Once school had ended for the day, Keira Johnson rushed home and settled in. She wasn’t frantic, nor was she relaxed. Keira was excited. Now, she was home-sweet-home as she signed into her own game with thousands of other gamers just like her.
Welcome to the world of SLAY, a thriving role-playing game created as a safe space and virtual community for black gamers. But that is in the world of Keira Johnson, the character of Brittney Morris’s best-selling young adult novel, SLAY. However, SLAY has become a sacred treasure for people of color, encouraging boldness, pride, and chasing dreams while enduring a harsh world full of systematic racism and trolls. All things relevant to the world we currently live in, even though it is the 21st century and the Civil Rights Act was signed in 1964, hoping to promise a better social life for people of color in American society. Key-word: hoping. There was never any guarantee that systematic racism—or racism in general—would vanish into thin air once desegregation was made possible. 2020 and 2021 are probably the most profound years of discrimination in the 21st century. From white supremacy demonstrations in the forms of Ku Klux Klan marches, reports of young black men being found hanging from trees, rise of attacks against Asian-Americans, numerous reports of Black men and women tragically dying in the hands of law enforcement, and people of color being attacked and assaulted like it is for sport. Whoever said that just because it is the 21st century, racism has “died down”? There is no such thing—and Brittney Morris used that to create the world of SLAY and empower Black people to embrace whom they are while defying the limitations.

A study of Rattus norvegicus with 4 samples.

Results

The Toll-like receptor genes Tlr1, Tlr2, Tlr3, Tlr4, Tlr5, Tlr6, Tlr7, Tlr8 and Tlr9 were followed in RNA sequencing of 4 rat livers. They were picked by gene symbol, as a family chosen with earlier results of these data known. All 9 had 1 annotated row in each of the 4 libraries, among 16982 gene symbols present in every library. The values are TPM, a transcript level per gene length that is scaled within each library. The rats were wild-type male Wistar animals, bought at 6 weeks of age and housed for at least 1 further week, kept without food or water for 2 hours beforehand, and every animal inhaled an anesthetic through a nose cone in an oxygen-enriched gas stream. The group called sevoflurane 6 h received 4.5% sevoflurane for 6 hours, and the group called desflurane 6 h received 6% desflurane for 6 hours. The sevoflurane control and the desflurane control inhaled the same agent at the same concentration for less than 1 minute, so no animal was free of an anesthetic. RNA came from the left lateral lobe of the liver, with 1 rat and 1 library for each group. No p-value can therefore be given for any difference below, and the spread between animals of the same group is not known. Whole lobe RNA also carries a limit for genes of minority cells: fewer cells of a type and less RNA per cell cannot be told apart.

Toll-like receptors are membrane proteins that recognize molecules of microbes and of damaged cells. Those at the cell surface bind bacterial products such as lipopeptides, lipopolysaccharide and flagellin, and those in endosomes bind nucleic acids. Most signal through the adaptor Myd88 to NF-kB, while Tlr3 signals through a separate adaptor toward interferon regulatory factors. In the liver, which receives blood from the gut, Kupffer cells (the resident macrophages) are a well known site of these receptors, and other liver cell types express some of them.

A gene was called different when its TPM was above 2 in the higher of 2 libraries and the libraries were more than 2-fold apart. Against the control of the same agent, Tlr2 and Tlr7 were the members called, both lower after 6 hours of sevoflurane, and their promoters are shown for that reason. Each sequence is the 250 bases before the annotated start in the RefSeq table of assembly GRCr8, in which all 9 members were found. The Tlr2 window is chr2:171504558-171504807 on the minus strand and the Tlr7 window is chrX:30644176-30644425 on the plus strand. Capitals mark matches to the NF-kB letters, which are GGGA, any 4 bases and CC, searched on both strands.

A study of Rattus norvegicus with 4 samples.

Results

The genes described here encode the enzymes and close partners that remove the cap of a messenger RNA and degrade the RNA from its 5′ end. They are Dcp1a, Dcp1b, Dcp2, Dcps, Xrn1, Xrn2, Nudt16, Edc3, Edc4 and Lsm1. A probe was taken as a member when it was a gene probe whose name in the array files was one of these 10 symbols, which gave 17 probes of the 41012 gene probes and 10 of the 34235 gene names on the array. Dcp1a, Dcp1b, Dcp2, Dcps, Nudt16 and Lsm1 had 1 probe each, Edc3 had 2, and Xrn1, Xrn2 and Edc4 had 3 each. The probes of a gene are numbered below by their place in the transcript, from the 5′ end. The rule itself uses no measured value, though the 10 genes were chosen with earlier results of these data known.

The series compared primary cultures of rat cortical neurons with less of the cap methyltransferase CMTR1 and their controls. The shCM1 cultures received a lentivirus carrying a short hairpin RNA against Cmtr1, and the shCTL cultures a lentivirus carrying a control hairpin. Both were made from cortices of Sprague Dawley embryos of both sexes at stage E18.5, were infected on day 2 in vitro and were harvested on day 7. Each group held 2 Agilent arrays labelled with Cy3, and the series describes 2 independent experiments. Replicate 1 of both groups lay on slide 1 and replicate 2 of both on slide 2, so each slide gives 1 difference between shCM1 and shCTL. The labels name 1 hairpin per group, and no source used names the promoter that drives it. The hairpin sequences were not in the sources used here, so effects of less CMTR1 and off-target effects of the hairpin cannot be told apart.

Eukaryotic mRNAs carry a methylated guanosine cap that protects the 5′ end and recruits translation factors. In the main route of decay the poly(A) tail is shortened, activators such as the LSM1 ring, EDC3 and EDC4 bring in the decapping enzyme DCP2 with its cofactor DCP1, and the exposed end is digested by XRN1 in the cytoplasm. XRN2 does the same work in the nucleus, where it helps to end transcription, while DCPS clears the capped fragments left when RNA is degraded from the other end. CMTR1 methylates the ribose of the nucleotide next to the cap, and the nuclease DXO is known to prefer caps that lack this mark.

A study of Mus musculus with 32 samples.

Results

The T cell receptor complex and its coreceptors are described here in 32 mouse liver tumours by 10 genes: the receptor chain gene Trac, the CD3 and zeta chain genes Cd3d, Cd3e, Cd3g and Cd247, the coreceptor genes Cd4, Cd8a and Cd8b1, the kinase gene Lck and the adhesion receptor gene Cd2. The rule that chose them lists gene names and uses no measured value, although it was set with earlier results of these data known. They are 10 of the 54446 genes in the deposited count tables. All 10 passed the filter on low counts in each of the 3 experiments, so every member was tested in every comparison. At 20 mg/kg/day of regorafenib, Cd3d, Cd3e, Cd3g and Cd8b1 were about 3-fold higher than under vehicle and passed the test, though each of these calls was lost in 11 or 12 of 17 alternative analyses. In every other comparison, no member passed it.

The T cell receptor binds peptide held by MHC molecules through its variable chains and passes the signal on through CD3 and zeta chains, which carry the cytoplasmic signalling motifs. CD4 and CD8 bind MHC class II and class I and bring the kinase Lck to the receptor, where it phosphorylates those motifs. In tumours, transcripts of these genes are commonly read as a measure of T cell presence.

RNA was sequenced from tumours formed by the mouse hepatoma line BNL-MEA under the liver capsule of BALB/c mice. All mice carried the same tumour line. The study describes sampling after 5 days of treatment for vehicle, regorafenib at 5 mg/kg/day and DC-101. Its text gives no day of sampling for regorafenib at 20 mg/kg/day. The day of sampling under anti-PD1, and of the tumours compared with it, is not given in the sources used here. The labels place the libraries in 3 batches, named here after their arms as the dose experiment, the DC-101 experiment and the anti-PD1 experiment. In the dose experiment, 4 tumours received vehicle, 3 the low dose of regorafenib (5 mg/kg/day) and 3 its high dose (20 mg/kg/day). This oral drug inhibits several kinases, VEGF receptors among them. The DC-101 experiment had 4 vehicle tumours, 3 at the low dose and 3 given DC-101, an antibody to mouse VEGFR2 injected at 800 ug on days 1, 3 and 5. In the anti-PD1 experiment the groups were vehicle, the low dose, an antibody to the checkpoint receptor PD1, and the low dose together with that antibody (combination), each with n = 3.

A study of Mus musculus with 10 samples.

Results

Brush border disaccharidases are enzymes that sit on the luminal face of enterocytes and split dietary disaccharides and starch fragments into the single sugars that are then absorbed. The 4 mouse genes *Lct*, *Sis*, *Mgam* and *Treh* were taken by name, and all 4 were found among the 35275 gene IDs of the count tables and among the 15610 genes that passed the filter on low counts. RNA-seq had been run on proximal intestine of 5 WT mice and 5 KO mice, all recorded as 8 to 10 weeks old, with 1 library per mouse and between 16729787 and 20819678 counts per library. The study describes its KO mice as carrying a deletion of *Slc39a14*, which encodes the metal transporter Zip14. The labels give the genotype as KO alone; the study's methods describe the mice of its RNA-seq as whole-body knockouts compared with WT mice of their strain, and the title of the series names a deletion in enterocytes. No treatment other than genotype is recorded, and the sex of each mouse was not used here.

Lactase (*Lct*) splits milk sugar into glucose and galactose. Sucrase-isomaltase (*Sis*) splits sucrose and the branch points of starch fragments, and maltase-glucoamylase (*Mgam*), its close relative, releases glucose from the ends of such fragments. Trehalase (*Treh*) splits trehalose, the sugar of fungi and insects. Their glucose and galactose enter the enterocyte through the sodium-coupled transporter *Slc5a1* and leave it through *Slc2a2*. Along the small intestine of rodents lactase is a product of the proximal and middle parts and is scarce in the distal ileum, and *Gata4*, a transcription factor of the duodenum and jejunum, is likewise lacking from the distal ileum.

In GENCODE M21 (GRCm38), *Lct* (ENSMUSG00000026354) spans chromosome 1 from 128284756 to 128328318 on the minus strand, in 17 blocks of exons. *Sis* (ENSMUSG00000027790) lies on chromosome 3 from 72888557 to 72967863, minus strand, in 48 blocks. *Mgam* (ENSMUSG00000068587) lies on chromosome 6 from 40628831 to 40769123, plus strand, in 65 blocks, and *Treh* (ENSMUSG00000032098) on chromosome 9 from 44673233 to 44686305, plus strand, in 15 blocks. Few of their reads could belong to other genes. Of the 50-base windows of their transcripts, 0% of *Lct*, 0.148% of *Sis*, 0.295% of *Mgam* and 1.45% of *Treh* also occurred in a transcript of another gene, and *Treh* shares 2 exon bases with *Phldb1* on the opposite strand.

When it comes to breaking the barriers and empowerment, authors can use fictional characters to do the job. Although, despite being characters of “fiction,” they are inspired by actual people most of the time. Nevertheless, for Brittney Morris, her inspiration for SLAY came from another fictional character that embodied Black Pride and living boldly—Black Panther. Released in 2019, Black Panther drew in many people, becoming the highest-grossing film by a Black director, earning more than 1.3 billion dollars in the box office. But what about Black Panther attracted so many people? The beautiful depiction of African culture? The storyline? The massive and tremendous casting of people of color? The costume designs? Perhaps, all the above.
Nevertheless, Morris claimed that her inspiration for SLAY happened while seeing Black Panther for herself while sitting in a room that established a sense of community and inclusion. In an interview with WNDB, Morris said, “[It] was my first experience walking into a room full of Black people and feeling like I belonged. Just as I was, in my cardigan and nerdy glasses, having never experienced several major elements of Black culture. I was enough. That love and acceptance I felt when I left the theater changed my life.” Thus, the world of SLAY was born.
Morris said that she wanted to share that similar experience she had with other people, spreading the message to Black people that “we’re varied enough, that our culture is vast enough, that we live across enough of the world, there’s most definitely a place for [us]” (WNDB, 2019).
Morris fulfills her promise by delivering a powerful, deep, honest story about a young visionary who takes things to the next level while tackling hardships that are inevitable for people of color to encounter, especially when on the road to success. In the words of Morris herself, “SLAY was a love letter to Black people worldwide,” and Morris did more than motivate Black people everywhere to live fiercely. Morris reminded Black people everywhere that we are essential and we do matter. Every day, Black-owned businesses are booming, and Black innovators make a name for themselves, leaving their marks in the world. Black people are more than what is depicted by the media. Like Keira Johnson, Black people are strong, intelligent, humble, gifted, beautiful, and epic. Keira Johnson is a character who proves racism cannot break the humility of people who are courageous enough to take on challenges and then overcome them. A powerful message for young writers everywhere who will be the voices of significant change for the nation and the entire world. So let’s raise a glass to Brittney Morris, thanking her for her love letter—all 323 pages of it—and paving the way for other young writers of color who will also change the game for a brighter future. A future where all good things are possible for every human being.